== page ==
Note-Taking: A Guide for Undergrads

This post is meant to be a quick survey of how *I* take history notes. There are many ways of doing it, but I find this works best for me. If you want to really do down a deep, dark, unhappy hole of study habits, see my post on comps here.

Before I begin, I should state that notes should be as short as possible, to force you to rely on your memory. After all, the information only really synthesises in your head, so your notes should, at most cue you onto the information. If you’re new to a topic, they have to be a bit more extensive. For this example, I’ll be looking at the Battle of the Scheldt by studying two books – Jack Granatstein Canada’s Army and Terry Copp’s Fields of Fire.

If I’m studying military history, the first thing I do is to find a map. I’ll usually look in the scholarly sources first to see if they have maps, then use those maps to confirm what I find on a Google image search. Wikipedia generally has contributors who go through the time to pull maps from official histories, which makes stuff easier, but be careful – well-travelled Wikipedia articles can be generally reliable, but lesser-travelled ones aren’t. I’ve found very basic factual errors on Wikipedia. A better place to start is the Canadian Encyclopedia.

After printing the map out, I mark it up. I’ll highlight key areas or write them out in big marker - in this case, the city of Antwerp, Walcheren Island, and South Beveland. I’ll also mark up with big map symbols where the largest formations are. In this case, because divisions moved all around each other, I simply mark the divisions below the corps. The 4th Canadian Armoured Division served with both corps, so it gets tucked in the corner for reference. I’ll go back to this map and mark it up as I read through.

Next I’ll set up my notes page. I like using the Cornell notes system, and I print out formats from In the top right corner, I list vital statistics including, dates, a rough order of battle, and casualties. I’ll update this little info box as I go through.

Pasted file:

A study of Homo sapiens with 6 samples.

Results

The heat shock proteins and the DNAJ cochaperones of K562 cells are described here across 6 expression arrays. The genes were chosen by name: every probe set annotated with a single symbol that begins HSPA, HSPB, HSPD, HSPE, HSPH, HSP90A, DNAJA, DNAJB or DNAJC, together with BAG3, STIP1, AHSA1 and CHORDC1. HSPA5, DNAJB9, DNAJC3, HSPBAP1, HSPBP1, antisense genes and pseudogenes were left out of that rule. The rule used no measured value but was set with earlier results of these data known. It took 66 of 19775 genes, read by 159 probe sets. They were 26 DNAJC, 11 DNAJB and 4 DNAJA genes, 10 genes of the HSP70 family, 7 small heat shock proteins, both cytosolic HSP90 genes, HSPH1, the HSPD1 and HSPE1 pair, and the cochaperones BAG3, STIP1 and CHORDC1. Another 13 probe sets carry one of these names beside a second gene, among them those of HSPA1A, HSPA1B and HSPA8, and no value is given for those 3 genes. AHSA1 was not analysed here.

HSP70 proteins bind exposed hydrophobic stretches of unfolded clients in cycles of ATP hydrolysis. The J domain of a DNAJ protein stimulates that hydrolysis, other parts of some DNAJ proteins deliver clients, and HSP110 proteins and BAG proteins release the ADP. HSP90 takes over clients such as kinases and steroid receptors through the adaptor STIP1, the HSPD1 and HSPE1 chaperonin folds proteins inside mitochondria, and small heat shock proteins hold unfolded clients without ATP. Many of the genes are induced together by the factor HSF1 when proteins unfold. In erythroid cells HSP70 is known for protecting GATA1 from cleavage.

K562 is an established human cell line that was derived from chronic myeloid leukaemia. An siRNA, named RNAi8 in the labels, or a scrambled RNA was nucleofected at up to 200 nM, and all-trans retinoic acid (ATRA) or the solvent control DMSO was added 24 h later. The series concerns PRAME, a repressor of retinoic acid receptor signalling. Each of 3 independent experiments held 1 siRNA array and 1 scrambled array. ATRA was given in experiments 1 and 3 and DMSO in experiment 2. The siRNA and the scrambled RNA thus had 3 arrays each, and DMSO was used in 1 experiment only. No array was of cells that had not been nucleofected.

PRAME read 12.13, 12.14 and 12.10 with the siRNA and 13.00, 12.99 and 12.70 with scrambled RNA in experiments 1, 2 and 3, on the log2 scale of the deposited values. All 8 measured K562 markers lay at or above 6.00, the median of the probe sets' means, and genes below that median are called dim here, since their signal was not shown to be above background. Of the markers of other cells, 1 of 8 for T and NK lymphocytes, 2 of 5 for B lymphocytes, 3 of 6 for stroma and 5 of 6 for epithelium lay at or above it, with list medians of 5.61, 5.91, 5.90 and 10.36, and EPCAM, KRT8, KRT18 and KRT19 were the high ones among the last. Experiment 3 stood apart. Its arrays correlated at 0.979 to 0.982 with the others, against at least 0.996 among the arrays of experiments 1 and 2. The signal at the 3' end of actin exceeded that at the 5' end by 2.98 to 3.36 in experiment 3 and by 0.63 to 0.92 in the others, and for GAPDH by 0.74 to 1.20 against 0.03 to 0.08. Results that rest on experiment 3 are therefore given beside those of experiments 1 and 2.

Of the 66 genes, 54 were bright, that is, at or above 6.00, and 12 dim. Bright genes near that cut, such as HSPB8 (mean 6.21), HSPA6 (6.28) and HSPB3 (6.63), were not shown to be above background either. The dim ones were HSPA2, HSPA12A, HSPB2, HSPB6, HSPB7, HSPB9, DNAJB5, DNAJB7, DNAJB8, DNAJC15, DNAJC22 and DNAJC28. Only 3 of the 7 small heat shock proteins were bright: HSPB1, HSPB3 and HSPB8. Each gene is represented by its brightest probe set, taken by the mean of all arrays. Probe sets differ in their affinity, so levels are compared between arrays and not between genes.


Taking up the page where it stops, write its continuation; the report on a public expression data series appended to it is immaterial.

As for readings, I start broad. Something like Canada’s Army is great, because it gives you the “handrails” to guide your way through something. If you’re really new to something, I recommend an article from the Canadian Encyclopedia – they’re all well-written and qualified historians write them. The key is to try to refrain from writing anything down until you can’t take any more information in – try to make it at least to the bottom of the page, but ideally aim for writing every four pages or so. Write in shorthand – I use NATO map symbols to make it all a bit faster – i.e. “9 Cdn X” instead of the “9th Canadian Brigade”. I also use <pointy brackets> to capture the historians’ opinion while I use [square brackets] to capture mine.

After doing my general reading, I get into the more specific reading. This should build on the more general stuff and add detail. You can see here that my notes are designed to cue me back to the text – Copp writes about the effects of combat stress, so I just need to remember his very general point (the rate of battle exhaustion increased during the battle, partially due to bad conditions) and know that I can always go back to Copp if a I need more detail. I also use the cue bar on the right to note dates and names as I go through the text.

If I can, I’ll sit on it for 24 hours, go over them, reference back to the readings in areas where I’m not entirely sure I can remember the relevant details, then write a quick impression on the bottom.